The origin of the name of the holiday is thought to be related to the story of the Exodus although the etymology of the term remains a matter of debate. According to the Exodus, the Israelites freed themselves from slavery in Egypt with God’s aid. After the Egyptian pharaoh refused to allow the Israelite slaves to leave, God sent the final and the worst of all ten plagues that struck Egypt which was the death of the first-born sons. To save their first-borns, the Israelites were instructed to mark their doorposts with the spring lamb’s blood which was a sign to the Lord’s spirit to pass over - therefore the holiday is named Passover. 

Next to Shavuot and Sukkot, Passover was one of the three holidays during which all Jews made a pilgrimage to the Temple in Jerusalem. The height of the pilgrimage was the so-called Korban Pesach or Passover sacrifice during which a young lamb or a wild goat was sacrificed on the afternoon of the 14th day of Nisan. Every family was required to sacrifice a lamb or goat large enough for the entire family but small enough to be able to eat the entire offering in one sitting. If it was too large to be eaten in one sitting, a sacrifice was offered by multiple families. The offering could be served only with unleavened bread (matzo) and bitter herbs (maror).

After the destruction of the Temple in Jerusalem, the observation of Passover changed. Today, Passover is observed with the Seder Korban Pesach, also known as the Passover Seder. It is a special dinner which involves eating symbolic foods that are served on the Passover Seder Plate. All foods that are served on the Passover Seder Plate have a special name and a special meaning:

- Maror and chazeret - Bitter herbs; a symbol of bitterness and hardship the Israelites endured during slavery in Egypt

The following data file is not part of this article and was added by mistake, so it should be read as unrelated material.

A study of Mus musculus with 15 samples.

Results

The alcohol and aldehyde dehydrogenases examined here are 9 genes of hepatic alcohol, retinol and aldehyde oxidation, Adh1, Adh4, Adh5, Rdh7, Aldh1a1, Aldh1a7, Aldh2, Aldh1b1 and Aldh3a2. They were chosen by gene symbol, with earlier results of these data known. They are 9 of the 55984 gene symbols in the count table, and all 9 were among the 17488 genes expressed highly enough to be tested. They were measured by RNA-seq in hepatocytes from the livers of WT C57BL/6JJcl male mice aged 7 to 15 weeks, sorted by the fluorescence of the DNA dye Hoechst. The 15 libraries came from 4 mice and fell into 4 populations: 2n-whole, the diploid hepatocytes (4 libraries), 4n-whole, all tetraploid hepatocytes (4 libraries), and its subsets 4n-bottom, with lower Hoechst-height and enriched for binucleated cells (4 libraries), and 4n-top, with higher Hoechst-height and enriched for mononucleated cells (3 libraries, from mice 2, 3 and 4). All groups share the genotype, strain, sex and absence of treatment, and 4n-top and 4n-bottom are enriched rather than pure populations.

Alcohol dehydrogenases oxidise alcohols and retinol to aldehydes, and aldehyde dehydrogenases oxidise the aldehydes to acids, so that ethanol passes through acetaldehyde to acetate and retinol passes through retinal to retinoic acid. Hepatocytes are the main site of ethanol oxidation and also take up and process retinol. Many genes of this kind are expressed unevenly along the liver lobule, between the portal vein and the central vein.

- Charoset - chopped nuts, cinnamon, grated apples and sweet red wine (there are some variations in recipe between different Jewish communities); a symbol of mortar from which the Jewish slaves built storehouses in Egypt

- Karpas - a vegetable other than bitter herbs which is dipped in salt water; a symbol of pain the Jewish slaves suffered in Egypt

- Z’roa - roasted lamb or goat (usually shank bone), chicken wing or neck; a symbol of the traditional Korban Pesach

- Beitzah - hard boiled egg; a symbol of the sacrifice that was offered in the Temple of Jerusalem

- Matzo - unleavened bread; a symbol of the hurry in which the Israelite slaves left Egypt. According to the story of the Exodus, the Israelites left before the bread could rise (leaven).

The Passover Seder also involves drinking four cups of wine, retelling the story of the Exodus, discussion about the Exodus with the children who are rewarded with nuts (or candies) for participating in the discussion as well as the search for the afikoman, a piece of matzo. Most Passover Seders extend long into the night.